Resources | Resources |



Use of IFile_SetCacheSize()

The IFile_SetCacheSize() method sets the size of the buffer to be used for caching the file instance on which it is called. In certain cases, this may improve file system performance, but there are many other cases in which it will hurt performance instead. You should choose the files you cache carefully and measure application performance before and after enabling caching to see if the caching really does help, rather than caching files with the assumption that it will improve performance.


The file system (EFS) on which Brew MP's file interfaces are based does its own caching, keeping 100 512-byte buffers of the most recently read data.

Brew MP's file caching code only caches a file for a particular instance of IFile; when the IFile interface is released, so is the cache. When the IFILE_SetCacheSize() call is made, Brew MP immediately allocates a cache buffer of the given size and reads the amount of the file specified in the call into the buffer.

Suggestions for the use of caching:

  • For simple sequential access to a file, EFS file caching will provide byte-by-byte access to the file without going to NAND for each byte. The extra layer of Brew MP file caching, though it might avoid kernel transitions, will not likely improve performance in this case.
  • The cache for an IFile is released when the last release is done on an instance of IFile. Repeatedly opening, caching, and releasing a file will likely hurt performance because of the repeated loading of the cache.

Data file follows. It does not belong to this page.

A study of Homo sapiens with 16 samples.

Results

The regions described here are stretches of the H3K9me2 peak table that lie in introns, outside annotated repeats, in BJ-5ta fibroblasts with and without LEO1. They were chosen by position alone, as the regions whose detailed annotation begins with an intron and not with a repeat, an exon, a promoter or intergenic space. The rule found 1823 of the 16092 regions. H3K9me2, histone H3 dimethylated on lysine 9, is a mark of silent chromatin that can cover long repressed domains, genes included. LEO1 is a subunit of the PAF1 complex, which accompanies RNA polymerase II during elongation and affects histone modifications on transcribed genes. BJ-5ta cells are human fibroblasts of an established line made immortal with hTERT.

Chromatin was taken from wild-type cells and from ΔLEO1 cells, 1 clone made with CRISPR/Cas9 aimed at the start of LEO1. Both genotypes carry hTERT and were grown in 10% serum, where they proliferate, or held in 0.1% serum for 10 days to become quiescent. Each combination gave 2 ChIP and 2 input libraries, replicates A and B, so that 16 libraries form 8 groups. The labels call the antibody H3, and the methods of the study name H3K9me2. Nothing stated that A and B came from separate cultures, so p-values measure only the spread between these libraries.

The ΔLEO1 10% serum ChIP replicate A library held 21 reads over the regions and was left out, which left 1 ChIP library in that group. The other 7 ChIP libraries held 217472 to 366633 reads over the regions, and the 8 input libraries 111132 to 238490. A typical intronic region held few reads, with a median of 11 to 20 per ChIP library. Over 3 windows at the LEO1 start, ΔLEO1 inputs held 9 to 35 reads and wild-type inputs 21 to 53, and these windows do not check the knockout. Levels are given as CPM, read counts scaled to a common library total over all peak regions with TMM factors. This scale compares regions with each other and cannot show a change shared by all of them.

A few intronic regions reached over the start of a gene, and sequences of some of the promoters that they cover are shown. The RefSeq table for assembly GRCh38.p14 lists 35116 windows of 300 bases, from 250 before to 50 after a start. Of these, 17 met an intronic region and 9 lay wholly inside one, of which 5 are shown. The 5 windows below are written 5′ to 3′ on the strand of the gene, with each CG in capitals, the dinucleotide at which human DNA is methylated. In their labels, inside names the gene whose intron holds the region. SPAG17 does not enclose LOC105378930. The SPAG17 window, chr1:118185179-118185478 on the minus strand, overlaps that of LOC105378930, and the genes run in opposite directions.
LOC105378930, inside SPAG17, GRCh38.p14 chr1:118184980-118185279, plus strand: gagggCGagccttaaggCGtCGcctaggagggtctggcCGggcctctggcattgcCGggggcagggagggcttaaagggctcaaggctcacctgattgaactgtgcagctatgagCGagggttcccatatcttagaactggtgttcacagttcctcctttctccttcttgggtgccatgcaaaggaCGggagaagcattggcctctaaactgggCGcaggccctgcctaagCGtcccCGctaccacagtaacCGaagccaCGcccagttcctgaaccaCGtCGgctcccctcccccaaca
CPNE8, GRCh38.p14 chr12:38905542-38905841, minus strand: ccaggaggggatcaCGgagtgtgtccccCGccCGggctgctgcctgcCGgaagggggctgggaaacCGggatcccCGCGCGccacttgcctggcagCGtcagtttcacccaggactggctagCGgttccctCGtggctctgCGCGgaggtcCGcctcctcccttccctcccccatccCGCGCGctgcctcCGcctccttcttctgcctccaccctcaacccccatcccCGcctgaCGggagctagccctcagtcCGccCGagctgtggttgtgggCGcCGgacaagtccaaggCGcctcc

• The cache is per IFile instance. Opening and caching the file twice will result in the file being read from NAND twice, and two copies of the file cache in memory, rather than one. If a file is cached, you should share a single instance of the IFile rather than creating two.
  • Calling IFile_SetCacheSize() immediately reads from the file to fill the cache. Applications should not call this method until they are ready to read from the file. Calling IFile_SetCacheSize() before the application is ready to read may introduce a delay while the cache is filled for a file that may never be accessed.
  • One place where caching may improve application performance is for a file that is accessed randomly throughout the life of the application (similar to a resource file). In this case, having an IFile instance that is cached and open for the application's lifetime is likely to help. This is what Brew MP does internally with resource files accessed via the IShell_LoadResXxxxx methods. Even in this case, though, you should measure performance with and without caching to see if it really does provide a performance improvement.